WILLIAMSBURG -- A book written by the man who developed the smallpox vaccine is back in Hampton Roads, 177 years after it was taken from Denbigh Plantation by British soldiers during the War of 1812.
The book by Edward Jenner, titled "An Inquiry Into the Cause of the Variolae Vaccinal -- the Cow Pox," has been donated to the College of William and Mary's Earl Gregg Swem Library.
Spotswood Hunnicut Jones, a Gloucester County, Va., resident, historian and key researcher of the whereabouts of the book, said she has been told that the book is one of the earliest on smallpox and was rarely found in the United States in 1813, the year in which it was taken.
British soldiers, traveling on the ship Moselle after attacking Craney Island on the Elizabeth River, sailed up the James River to Denbigh Plantation to search for provisions, said Jones.
The occupants of the plantation, owned by John Young, and his slaves fired upon the soldiers, and when the soldiers returned fire, the occupants of the home ran for safety, she said.
The soldiers then ransacked the Young home and took, among other things, mahogany furniture, peach brandy and the contents of a library, Jones said. The medical textbook was turned over to Peter Wilson, a 22-year-old British officer and physician on the ship.
A record of Wilson's travels shows that he was transferred from Great Britain to Gibraltar; later he was the doctor for the sultan of Morocco. He later became the personal physician to the Spanish royal family, and in 1840 he migrated to New Zealand, where he was one of the country's first settlers. He finally moved to New Plymouth, New Zealand.
In the 1960s, Alan Hayton of New Plymouth learned about the book while researching Wilson's life, Jones said. A biographer had written about a book Wilson carried that had an inscription that said, in effect, that "it was taken from a home of a Mr. Young in a beautifully situated home on the north bank near Mulberry Island."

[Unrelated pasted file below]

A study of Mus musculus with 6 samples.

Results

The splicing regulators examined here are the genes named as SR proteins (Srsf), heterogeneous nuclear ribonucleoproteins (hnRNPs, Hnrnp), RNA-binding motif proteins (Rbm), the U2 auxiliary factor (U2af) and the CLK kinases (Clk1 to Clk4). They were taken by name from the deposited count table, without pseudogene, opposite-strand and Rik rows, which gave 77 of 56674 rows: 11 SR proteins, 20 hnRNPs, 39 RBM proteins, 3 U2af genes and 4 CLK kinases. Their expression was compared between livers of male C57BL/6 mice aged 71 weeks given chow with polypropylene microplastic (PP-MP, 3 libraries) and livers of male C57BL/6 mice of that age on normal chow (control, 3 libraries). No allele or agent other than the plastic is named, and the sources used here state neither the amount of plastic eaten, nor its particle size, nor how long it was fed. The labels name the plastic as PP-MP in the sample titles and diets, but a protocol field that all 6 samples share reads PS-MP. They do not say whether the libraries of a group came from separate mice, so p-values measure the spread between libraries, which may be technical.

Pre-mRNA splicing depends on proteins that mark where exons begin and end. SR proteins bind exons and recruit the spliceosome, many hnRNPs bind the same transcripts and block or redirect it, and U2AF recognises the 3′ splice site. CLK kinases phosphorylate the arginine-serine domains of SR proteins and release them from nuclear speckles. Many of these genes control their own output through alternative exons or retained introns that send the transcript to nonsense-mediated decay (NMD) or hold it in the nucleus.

In 1968, Hayton wrote to an amateur historian in Iowa, asking about the plantation. A copy of the letter was given to Gloucester resident Raymond Brown, Jones's doctor. In 1970, Brown asked Jones to help. She spent six years tracking the book.
Hayton discovered the book in the home of Wilson's great-great-granddaughter Helen Warren. Warren in 1974 offered to sell the book for $1,200. There were no takers. Although interested, neither Jones nor the college could afford it, Jones said.
The book was bequeathed to Hayton, prompting Jones last fall to begin trying to persuade Hayton to donate it to the college.
Jones told Hayton that the book belonged at William and Mary because a member of the Young family once attended the college.
When Jones learned of university librarian Nancy H. Marshall's plans to travel to New Zealand to see friends, she asked Hayton to meet Marshall and donate the book.
The book is in relatively good condition, according to Marshall. Its cover is off, but it is otherwise intact. It is being kept in the rare-book and manuscripts collection at Swem Library.